Thursday, October 25, 2012

Word of the Week: Angle

"Izaak Walton and his scholar" (1900)
by Louis John Rhead.
Unless you managed to escape geometry and trig in school, when you hear the word angle, you probably have nightmares about pointy protractors and lines intersecting at strange, well, angles. But angle is not as cut-and-dry boring as you might imagine. It's actually rather fishy. Yes, the noun angle does concern itself with all that geometry stuff but when used as a verb, angle means to fish with a line and hook. So how do we go from geometry to fishing? Read on.

The verb angle derives from the Old English verb angelen and the noun angel, which refers to an angle or hook, and was related to the word anga, meaning hook, from the Proto-Indo-European base *ang-/*ank-, which means to bend. Similar words include angul from Old English, öngull from Old Norse, and angul from Old High German. In case you're wondering, Old English angel has absolutely no relation to messengers from the divine. The modern English angel is a fusion of the Old English engel and the Old French angele. Both words derived from the Latin angelus and Greek angelos. So the fishy part of angle is all a matter of the hook, that piece of metal that has been bent to form an angle, although modern fishhooks are more of a smooth curve with a barb. I suppose you could argue that the barb forms an angle.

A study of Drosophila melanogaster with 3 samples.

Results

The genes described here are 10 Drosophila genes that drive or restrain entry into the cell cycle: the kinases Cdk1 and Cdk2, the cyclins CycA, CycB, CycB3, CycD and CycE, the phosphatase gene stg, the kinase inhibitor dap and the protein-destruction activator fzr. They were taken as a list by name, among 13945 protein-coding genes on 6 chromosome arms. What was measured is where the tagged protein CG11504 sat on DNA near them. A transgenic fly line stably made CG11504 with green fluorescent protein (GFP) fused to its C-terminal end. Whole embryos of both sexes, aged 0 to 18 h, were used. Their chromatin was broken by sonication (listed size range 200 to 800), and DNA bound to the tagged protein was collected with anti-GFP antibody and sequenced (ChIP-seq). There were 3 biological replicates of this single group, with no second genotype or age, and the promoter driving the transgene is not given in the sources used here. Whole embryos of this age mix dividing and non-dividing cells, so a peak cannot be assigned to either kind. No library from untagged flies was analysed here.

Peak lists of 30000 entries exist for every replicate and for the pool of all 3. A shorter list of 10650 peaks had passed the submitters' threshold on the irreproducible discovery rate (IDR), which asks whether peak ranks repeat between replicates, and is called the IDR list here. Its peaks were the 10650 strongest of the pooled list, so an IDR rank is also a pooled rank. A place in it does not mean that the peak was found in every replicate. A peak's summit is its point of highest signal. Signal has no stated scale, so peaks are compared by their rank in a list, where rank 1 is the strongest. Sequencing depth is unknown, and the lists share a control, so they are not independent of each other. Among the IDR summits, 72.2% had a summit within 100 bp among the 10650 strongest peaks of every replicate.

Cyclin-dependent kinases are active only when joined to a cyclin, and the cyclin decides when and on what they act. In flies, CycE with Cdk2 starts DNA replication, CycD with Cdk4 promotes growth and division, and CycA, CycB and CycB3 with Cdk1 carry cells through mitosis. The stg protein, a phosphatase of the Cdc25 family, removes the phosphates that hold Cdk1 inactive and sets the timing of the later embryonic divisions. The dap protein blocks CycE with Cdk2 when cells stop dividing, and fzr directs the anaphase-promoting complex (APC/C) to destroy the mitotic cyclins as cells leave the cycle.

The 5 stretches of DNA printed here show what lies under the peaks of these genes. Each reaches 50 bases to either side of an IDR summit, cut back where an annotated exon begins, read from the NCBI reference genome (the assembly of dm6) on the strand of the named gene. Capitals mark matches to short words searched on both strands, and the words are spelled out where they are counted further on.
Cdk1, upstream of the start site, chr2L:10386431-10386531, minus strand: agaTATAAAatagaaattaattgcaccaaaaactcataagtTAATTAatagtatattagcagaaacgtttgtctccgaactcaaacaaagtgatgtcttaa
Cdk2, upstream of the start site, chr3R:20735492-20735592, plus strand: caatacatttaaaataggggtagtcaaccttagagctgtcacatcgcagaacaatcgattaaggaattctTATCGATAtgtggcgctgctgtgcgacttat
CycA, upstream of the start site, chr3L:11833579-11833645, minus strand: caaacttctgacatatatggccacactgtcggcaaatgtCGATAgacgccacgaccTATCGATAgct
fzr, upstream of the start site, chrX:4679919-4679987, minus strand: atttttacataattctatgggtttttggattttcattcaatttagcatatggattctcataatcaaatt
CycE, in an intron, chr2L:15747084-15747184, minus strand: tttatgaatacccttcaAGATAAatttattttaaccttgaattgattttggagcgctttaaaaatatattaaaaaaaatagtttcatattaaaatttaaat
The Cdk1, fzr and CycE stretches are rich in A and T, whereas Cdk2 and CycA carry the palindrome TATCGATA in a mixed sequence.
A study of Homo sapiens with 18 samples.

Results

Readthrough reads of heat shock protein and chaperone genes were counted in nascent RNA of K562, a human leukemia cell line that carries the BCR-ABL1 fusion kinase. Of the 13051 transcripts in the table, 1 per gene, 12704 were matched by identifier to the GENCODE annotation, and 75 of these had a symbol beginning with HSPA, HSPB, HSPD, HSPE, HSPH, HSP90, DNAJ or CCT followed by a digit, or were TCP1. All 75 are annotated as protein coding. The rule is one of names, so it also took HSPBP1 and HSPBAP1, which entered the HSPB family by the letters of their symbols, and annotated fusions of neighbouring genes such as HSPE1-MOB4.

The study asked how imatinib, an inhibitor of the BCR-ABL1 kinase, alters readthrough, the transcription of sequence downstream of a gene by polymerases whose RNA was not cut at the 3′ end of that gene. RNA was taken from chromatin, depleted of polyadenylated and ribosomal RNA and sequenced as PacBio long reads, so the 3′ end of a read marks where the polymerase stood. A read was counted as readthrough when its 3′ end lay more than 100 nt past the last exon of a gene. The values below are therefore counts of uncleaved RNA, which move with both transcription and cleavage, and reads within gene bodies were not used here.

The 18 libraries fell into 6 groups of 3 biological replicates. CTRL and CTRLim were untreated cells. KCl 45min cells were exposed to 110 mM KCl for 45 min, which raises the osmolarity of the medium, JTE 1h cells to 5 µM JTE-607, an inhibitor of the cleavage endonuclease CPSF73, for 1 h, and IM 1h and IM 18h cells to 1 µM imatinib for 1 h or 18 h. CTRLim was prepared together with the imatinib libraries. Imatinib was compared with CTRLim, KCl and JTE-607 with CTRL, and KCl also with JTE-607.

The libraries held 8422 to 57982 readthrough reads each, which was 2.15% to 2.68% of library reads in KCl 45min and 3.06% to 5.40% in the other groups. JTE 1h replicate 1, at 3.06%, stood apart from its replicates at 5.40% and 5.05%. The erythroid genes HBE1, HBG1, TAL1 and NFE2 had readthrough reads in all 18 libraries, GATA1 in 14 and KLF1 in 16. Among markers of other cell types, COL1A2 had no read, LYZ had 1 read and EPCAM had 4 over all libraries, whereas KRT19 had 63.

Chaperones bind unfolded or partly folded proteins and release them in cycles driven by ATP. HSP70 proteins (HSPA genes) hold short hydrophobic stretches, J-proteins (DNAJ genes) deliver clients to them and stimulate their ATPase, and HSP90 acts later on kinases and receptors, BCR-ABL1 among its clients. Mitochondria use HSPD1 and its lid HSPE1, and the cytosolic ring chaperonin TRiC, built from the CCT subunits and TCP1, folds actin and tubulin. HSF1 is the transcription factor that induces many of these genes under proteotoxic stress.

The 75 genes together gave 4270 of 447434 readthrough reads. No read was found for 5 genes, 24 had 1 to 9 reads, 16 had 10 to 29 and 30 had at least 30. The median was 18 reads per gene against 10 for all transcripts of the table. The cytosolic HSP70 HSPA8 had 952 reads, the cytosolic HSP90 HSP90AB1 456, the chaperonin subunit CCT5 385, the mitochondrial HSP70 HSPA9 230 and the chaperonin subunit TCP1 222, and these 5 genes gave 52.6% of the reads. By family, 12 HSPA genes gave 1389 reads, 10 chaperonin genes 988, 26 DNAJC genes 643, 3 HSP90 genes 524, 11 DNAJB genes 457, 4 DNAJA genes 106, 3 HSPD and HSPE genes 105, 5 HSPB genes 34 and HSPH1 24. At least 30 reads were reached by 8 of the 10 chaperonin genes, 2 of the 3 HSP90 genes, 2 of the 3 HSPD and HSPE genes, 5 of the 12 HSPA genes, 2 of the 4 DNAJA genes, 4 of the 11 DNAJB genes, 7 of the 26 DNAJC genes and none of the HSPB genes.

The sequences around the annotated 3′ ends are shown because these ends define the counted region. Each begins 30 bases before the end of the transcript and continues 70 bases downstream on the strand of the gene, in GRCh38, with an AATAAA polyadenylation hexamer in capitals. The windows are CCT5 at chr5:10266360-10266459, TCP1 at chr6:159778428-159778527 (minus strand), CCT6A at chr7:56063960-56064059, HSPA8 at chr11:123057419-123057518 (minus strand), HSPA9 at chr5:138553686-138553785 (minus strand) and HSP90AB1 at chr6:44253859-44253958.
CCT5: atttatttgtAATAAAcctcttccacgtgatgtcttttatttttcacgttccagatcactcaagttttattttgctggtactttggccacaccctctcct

Angling has long been a passion of many. One of the most famous books on the subject is Izaak Walton's The Compleat Angler, first published in 1653. Walton (1593-1683) added to the book throughout his life and published several later editions during the next quarter century. In prose and verse, Walton and a few contributors extol the art and spirit of angling. Others find little to celebrate in angling and consider it a waste of time. John Palsgrave (c. 1485 – 1554), a priest in Henry VIII's court and tutor in the royal household, wrote: "It is but a sory lyfe and an yuell to stand anglynge all day to catche a fewe fisshes."


  1. Fascinating! I love etymology. It's also always amused me that Britain was invaded by the Angles in the 5th century or so. I have this vision of all these acute and obtuse angles arriving from the sea...

    1. Ha ha. That's too funny, Simon. It must have been terrifying!

  2. I was already familiar with the word and the book, but I enjoyed reading this expansion of the definition to include the etymology. I'm a word geek, so stuff like this is always interesting. Cool post!